Architect Andrew Finch and lighting designer Carol dePelecyn made the most of the tricky lot and their tricky budget to concoct a narrow, four-story house on the western edge of West Seattle.

IT PAYS to walk the dog.

"We'd been eyeing this street for a long time, and I happened upon this lot moments after the sign went into the ground," says Andrew Finch, recalling days of yore when the market was hot and the competition hotter, 2007.

"It was a dog-walk discovery."

Although Finch and his wife, Carol dePelecyn, bought the land at the pinnacle of price, they are clever and professionally trained in the art of homebuilding and design; he is an architect/contractor and the Finch in Finch Design & Production; she is a lighting designer/artist and the dePelecyn in dePelecyn Studio.

And so, a morning spent over tea and sin, in the form of Bakery Nouveau croissants, includes conversation like so: "One third of your budget goes into the ground on critical slope."

Finch says this, standing in their warm and contemporary kitchen/living room, because we are high in the air on the western edge of West Seattle. If an eagle were perched on any of the treetops we would know of it. This a mere few steps past the koi pond at the street-side front door. DePelecyn calls it the Sky House.

The couple made the most of the tricky lot and their tricky budget to concoct a narrow, four-story house that follows the bluff down. They wanted a place where they could work and live. On the fourth floor is Finch Design & Production, on the ground floor is dePelecyn Studio. The living goes on in between.

"We can preserve the marriage with two floors between us," dePelecyn says. She's laughing, a little. The businesses are linked by a bamboo-and-steel staircase. Koda, the friendly family Malamute, commutes between the two.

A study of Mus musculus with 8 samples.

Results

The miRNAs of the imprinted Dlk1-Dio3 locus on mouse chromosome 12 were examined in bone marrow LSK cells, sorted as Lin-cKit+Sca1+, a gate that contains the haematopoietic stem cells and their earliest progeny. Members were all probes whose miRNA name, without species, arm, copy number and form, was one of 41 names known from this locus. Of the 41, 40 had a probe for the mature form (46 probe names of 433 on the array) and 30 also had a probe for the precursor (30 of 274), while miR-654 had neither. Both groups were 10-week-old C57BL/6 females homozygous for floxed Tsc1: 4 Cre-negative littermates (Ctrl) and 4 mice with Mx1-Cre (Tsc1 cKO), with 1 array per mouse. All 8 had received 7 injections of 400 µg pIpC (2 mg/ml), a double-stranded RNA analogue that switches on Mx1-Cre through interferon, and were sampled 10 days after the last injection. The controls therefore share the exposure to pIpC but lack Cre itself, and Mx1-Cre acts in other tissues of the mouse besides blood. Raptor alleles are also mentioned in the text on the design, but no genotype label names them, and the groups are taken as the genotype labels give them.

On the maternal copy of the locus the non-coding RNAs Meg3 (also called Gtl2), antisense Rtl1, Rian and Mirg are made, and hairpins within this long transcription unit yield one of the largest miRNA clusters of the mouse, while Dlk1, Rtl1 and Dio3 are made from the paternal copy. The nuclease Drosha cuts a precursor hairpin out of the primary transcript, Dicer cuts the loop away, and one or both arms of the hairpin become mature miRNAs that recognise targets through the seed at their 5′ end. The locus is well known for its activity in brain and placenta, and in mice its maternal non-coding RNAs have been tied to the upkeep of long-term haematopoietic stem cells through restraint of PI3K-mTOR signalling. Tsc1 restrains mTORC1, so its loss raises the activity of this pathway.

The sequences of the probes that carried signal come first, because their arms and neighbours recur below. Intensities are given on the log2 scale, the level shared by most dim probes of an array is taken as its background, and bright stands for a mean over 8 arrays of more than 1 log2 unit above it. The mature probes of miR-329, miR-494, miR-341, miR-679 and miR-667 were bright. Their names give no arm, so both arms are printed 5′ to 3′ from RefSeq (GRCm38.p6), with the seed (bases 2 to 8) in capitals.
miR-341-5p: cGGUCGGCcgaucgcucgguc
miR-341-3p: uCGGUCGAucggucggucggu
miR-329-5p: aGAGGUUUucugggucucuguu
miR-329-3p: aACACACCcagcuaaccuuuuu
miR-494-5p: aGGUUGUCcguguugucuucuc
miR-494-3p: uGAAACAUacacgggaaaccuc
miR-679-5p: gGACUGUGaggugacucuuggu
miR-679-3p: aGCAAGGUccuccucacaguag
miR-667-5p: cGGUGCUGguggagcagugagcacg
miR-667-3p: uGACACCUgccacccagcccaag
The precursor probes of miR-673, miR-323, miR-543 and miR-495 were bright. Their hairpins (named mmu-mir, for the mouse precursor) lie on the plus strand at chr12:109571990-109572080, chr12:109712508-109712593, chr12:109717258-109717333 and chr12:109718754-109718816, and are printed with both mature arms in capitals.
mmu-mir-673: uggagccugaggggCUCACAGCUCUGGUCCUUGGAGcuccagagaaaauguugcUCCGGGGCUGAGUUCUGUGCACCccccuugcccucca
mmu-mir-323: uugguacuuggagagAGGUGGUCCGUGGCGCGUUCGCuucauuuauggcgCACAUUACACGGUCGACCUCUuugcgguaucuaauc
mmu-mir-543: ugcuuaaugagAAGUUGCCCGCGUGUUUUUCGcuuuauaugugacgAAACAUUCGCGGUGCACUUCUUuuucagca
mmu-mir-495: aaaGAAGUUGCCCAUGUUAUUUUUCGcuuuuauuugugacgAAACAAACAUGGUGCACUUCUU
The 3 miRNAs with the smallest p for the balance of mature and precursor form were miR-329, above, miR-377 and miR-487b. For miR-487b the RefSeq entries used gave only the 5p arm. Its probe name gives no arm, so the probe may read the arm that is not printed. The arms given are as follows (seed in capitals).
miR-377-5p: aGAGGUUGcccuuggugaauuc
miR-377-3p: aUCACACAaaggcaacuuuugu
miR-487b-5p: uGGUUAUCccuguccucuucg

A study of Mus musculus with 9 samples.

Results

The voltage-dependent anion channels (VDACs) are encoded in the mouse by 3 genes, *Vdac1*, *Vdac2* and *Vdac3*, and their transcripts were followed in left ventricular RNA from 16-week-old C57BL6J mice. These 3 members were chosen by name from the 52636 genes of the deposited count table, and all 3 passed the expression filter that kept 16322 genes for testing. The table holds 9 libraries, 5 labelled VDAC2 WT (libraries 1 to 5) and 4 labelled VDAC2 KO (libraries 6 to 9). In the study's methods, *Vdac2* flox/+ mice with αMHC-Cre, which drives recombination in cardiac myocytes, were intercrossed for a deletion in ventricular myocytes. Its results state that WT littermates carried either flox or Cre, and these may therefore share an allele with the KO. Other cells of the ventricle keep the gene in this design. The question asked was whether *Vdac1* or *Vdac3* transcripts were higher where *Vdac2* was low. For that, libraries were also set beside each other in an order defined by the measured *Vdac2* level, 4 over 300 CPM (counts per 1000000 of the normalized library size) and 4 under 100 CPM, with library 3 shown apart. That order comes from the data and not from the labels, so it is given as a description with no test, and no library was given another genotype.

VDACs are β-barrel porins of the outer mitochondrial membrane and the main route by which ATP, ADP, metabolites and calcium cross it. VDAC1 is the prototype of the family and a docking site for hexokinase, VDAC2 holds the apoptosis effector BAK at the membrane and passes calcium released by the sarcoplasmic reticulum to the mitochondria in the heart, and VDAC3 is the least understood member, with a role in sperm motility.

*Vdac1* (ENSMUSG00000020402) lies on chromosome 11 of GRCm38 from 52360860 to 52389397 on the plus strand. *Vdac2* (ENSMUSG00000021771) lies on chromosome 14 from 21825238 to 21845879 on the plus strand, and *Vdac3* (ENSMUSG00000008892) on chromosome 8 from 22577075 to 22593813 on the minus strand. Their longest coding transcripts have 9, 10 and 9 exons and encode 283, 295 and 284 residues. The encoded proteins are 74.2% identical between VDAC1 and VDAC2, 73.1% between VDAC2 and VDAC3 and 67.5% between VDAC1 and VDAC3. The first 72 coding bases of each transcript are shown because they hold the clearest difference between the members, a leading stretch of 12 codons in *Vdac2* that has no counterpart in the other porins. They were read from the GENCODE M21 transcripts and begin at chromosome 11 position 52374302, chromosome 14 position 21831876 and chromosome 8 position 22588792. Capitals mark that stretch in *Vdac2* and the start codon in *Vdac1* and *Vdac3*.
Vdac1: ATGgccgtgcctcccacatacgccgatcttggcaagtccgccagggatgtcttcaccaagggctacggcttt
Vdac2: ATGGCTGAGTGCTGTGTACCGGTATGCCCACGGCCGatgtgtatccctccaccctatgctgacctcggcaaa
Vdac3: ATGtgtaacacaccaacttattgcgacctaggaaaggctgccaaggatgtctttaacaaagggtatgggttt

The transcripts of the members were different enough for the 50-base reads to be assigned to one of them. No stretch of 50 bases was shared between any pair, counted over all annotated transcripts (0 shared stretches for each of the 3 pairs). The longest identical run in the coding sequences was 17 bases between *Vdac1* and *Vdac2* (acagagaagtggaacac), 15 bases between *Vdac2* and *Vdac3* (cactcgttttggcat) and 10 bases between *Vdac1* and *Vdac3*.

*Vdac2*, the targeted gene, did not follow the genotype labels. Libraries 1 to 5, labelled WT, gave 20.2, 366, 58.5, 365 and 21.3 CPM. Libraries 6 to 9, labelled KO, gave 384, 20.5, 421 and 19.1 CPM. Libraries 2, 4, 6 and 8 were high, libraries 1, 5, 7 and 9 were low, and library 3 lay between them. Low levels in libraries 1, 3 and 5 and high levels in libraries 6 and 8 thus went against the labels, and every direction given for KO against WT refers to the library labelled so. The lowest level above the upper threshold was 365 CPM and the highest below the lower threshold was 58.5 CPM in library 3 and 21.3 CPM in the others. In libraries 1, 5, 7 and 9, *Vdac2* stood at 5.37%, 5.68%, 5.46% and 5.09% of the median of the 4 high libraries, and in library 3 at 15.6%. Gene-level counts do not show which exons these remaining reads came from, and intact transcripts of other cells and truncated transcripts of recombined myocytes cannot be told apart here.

"It was a dream I had since high school," Finch says of his desire to build his own home, to which they moved in 2008.

Everywhere is a melding of art and architecture, color and form, light and texture. Finch was a ceramic major in college with a short stop as a glass blower. DePelecyn recently completed work on a public-art installation at the South Park transfer station involving lighting large pieces of the old First Avenue South Bridge.

But do not be fooled. This is not a haughty home. Finch and dePelecyn are dog people who let the fur fly where it may. It is the combination of their talents, Koda, and the water and trees beyond that make this house a home.

"If it's beautiful and people don't know why, it's the lighting," dePelecyn says, offering trade secrets. "I used to be a dancer. I could feel the light. I was on stage in the light. It really sculpts the body. And good light brings that to life."

The couple, who came from a living space so small the bedrooms held only double beds, previously owned all the furniture in this house. But they didn't need much, because the home has many built-in pieces.

Just off the main living space is a high-hanging deck, something Finch included for his wife, who calls herself "the client" in this case. "I wanted a pier going out to the sky," she says.

The project was all-consuming but went well, for the most part. "We did argue over paint," Finch says. He wanted white. She did not.

"He pointed out to me that if we used white it'd make all the colors pop. So I looked for a white to reflect the color back. And this color is highly reflective of many hues (a custom blend from Daly's C2 line).

"That's what you get when you have two designers talking about color."

Rebecca Teagarden writes about architecture and design for Pacific Northwest magazine. Benjamin Benschneider is a magazine staff photographer.